Kids TV advocates and children's programmers are split over proposed new obligations that the FCC is considering for TV stations and cable systems.
At issue are several proposals the FCC is considering aimed at increasing the amount of kids TV available as broadcasters begin multicasting and as TV networks begin offering interactive links, including ones that may be aimed at marketing products to children.
Sesame Workshop, which produces Sesame Street
and is eyeing the digital transition as a source of new programming outlets and new marketing revenue, not surprisingly supports the increase in kids-TV obligations, but opposes the Center for Media Education's proposed restrictions on interactive marketing.
Instead, Sesame workshop wants "mixed" use Internet sites okayed as long as they are not "primarily intended" for e-commerce, do not provide a direct hot link from the TV screen to the e-commerce section and offer a substantial amount of "bona fide" program-related content. "Links to mixed-use Web sites that sell products associated with the program in which the links appear should be encouraged rather than prohibited," the workshop said.
CME is backing FCC suggestions that would cap the number of times children's shows can be pre-empted for sports and news events and still count toward the 3-hour weekly quota of kids' analog programming. For digital programming, pre-emptions eventually should be eliminated, the group maintained.
CME also wants the FCC to increase the amount of kids programming required when stations and cable networks multicast. Broadcasters could meet the added obligations by increasing the actual number of children's shows, funding local public-TV kids shows or providing datacasting services to local schools. Networks also should add V-Chip codes to commercials to limit kids' exposure to "age-inappropriate promotions," CME noted.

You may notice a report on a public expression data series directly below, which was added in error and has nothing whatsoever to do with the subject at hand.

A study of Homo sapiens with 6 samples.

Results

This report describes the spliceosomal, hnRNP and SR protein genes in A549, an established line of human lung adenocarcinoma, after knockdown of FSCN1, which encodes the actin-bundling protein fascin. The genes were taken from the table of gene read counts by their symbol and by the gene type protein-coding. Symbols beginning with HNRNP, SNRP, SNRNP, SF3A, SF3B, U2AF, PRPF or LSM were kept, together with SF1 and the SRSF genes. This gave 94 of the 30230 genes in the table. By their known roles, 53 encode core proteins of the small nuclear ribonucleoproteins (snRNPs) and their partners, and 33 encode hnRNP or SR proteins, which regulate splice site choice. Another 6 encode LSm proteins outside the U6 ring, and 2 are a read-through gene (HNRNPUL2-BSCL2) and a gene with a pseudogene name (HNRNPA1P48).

Industry officials, by contrast, urged regulators not to increase their children's TV obligations. In addition to opposing the suggestions above, they also are fighting a proposal that would count program promotions against advertising limits during children's programming. The 1990 Children's Television Act "implicitly understood that some measure of commercial advertising was a fundamental underpinning of much of the children's television provided over cable and broadcast television," wrote the National Cable Television Association. Some broadcasters said stations would be dissuaded from adding news or public affairs channels if their kids-programming quotas were to rise.
The National Association of Broadcasters is opposing a proposal, which would be applied to DTV in general, that would require stations to post their entire public file on the Internet, including children's programming reports and letters from the public received over the last three years.